Karla Villegas GamaChief Writer IIIDecember 8, 2016

Mexico vs. Netherlands: 6 Things We Learned


    Mexico managed to hold off the Netherlands for 75 minutes, but after the cooling break, Louis van Gaal made some adjustments, and in the last five minutes, the Oranje secured their ticket to the quarterfinals, 2-1.

    This is the sixth time Mexico have failed to reach the last eight of the tournament, the only team in the world to hold that record.

    For most of the time, El Tri played like they had during the group stage, but after Giovani Dos Santos' goal, the squad's defensive game clearly hurt them.

    These are the six lessons we learned in the round-of-16 match.

Guillermo Ochoa Has Been the Best Goalkeeper so Far


    Guillermo Ochoa proved again that he is at his best. The Mexican goalkeeper made two fantastic saves against the Dutch, which kept the score in El Tri's favor.

    The former Ajaccio player has quick reflexes, which is probably his most valuable asset. He is also good when it comes to the aerial game, as he proved on the Netherlands' multiple corner kicks.

    He was named Man of the Match for the second time in the tournament, the only Mexican to receive such an honor.

    Ochoa is currently a free agent, and he will probably land a good contract with a big team. His agent confirmed to ESPN FC (in Spanish) that he has already received several calls from world-class clubs.

Mexico Have to Be More Efficient in Attack


    Mexico opened the scoring with a powerful, long-distance shot by Dos Santos, but they couldn't convert any other chance.

    El Tri created nine goal opportunities, however, Oribe Peralta, Andres Guardado, Miguel Layun and Hector Herrera couldn't put the ball away.

    Mexico cannot let any chance slip because teams with such history as the Netherlands will not forgive, as happened on Sunday.

    There's no use in keeping the ball, exposing the rival's weaknesses and leading the score for 87 minutes if the team cannot score when they have the opportunity to widen the advantage.

Netherlands Need to Work on Their Back Line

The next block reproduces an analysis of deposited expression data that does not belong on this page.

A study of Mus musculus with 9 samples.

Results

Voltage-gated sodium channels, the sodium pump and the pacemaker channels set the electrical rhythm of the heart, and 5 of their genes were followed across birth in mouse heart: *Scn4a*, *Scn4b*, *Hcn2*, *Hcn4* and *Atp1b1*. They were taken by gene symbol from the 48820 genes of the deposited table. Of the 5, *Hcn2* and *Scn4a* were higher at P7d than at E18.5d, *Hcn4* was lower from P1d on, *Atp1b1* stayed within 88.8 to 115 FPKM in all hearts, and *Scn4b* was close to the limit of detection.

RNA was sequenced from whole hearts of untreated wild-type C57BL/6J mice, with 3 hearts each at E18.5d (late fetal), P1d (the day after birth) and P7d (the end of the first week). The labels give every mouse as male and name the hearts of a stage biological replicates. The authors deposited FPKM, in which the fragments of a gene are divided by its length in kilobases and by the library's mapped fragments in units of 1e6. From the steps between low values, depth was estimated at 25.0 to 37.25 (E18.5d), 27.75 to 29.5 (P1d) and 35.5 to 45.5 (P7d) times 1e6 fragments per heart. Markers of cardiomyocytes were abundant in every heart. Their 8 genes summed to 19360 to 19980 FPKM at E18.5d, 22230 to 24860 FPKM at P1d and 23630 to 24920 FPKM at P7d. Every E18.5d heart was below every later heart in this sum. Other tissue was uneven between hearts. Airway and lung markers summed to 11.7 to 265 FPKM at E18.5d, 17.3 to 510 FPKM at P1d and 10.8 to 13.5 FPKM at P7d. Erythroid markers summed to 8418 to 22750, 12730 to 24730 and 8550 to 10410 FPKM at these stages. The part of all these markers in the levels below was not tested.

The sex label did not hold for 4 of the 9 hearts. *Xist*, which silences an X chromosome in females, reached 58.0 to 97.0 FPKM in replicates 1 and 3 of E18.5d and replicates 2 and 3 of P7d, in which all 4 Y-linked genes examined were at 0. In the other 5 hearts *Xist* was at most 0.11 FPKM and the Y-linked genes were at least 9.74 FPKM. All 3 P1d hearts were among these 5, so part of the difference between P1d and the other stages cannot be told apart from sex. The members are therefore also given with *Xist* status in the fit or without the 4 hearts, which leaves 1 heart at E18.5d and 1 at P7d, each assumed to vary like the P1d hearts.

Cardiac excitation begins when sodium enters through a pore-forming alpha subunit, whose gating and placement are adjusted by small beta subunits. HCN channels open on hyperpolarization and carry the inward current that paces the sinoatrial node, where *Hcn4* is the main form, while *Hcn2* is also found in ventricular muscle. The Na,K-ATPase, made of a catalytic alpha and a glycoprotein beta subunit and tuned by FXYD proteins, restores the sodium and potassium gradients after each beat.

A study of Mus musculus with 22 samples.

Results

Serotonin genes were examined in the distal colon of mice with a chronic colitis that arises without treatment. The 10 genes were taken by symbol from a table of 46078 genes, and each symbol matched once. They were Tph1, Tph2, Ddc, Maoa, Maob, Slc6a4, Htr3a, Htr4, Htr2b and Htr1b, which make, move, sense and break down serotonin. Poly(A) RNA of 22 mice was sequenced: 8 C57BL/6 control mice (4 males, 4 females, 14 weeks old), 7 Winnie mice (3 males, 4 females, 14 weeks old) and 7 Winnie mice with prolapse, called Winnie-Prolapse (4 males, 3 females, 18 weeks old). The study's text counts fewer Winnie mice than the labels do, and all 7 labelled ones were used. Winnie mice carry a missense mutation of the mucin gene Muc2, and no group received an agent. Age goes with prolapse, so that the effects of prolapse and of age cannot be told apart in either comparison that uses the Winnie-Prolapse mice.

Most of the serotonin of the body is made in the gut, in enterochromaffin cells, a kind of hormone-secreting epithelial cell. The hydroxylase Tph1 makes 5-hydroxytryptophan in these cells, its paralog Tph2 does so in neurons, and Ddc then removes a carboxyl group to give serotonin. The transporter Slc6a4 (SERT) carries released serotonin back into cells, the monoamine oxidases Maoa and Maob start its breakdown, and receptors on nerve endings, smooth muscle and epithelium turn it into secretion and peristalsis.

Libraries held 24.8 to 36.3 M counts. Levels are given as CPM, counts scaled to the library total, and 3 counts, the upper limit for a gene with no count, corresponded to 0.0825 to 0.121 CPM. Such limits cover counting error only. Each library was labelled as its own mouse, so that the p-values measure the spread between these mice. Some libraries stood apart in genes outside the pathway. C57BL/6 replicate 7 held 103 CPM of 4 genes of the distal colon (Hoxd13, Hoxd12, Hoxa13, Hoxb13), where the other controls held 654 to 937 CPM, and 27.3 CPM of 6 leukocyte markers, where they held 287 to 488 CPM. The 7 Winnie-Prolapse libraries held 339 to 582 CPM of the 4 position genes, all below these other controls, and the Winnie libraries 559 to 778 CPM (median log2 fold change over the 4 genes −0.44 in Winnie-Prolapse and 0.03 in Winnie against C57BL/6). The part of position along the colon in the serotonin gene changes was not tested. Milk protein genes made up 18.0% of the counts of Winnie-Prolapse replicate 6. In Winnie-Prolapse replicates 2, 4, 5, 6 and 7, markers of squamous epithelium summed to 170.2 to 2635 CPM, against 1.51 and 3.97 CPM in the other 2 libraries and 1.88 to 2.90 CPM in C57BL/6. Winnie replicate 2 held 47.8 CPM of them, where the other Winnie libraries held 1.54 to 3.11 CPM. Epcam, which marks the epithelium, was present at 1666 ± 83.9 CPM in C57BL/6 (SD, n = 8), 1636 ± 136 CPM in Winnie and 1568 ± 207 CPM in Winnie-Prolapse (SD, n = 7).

Mexico put the Dutch defense in distress with long passes, diagonals and through balls.

    Van Gaal has to work a lot with the back line because they were out of rhythm and completely overpowered by Mexico's speed.

    Ron Vlaar, Stefan de Vrij, Dirk Kuyt and Bruno Martins Indi won 35 percent of the tackles in which they were involved, they sent one successful cross to the box and only made five interceptions.

    Van Gaal cannot afford to have such a shaky and inaccurate defense, especially when the rival has depth.

Overconfidence Buried Mexico


    Mexico did just what they had to do during 75 minutes, and after that, they missed the point and showed a great deal of overconfidence.

    The team stopped passing the ball, which ultimately led to lack of goal opportunities in a match that they had controlled.

    Miguel Herrera's strategy didn't work in those last 15 minutes, and the Netherlands proved that patience pays off.

    Van Gaal's side were physically exhausted. They knew their only chance to make a difference on the pitch would be with a stroke of genius, which Wesley Sneijder did.

Robin van Persie Can Be Stopped


    Robin van Persie had a couple of opportunities to stun Ochoa, but he failed, and he couldn't do much to help his side.

    The Mexican defense was strong throughout the game, and the Manchester United striker was very uncomfortable.

    Herrera was right when he put Moreno and Layun in charge of Van Persie's coverage. Both defenders were strong and didn't hesitate.

    Van Gaal decided to take him off the pitch in the 76th minute, precisely when the Netherlands started to make a difference on the pitch.

The Refereeing Is Worrisome


    It was unfair for both sides.

    Hector Herrera suffered a kick in the face by Vlaar, and the referee let it pass.

    Later, when the first half was about to end, Moreno tackled Robben inside the box and nothing happened. After the game, Robben apologized for diving, as reported by Robin Bairner of Goal.com.

    Perhaps the most controversial decision came in stoppage time, when the referee awarded a penalty after Rafael Marquez allegedly fouled the Dutch winger.

    Whether it was a fair call or not, the truth is this World Cup has had enough mistakes and FIFA needs to step up and look into this issue.

     

    Stats via Squawka unless otherwise noted.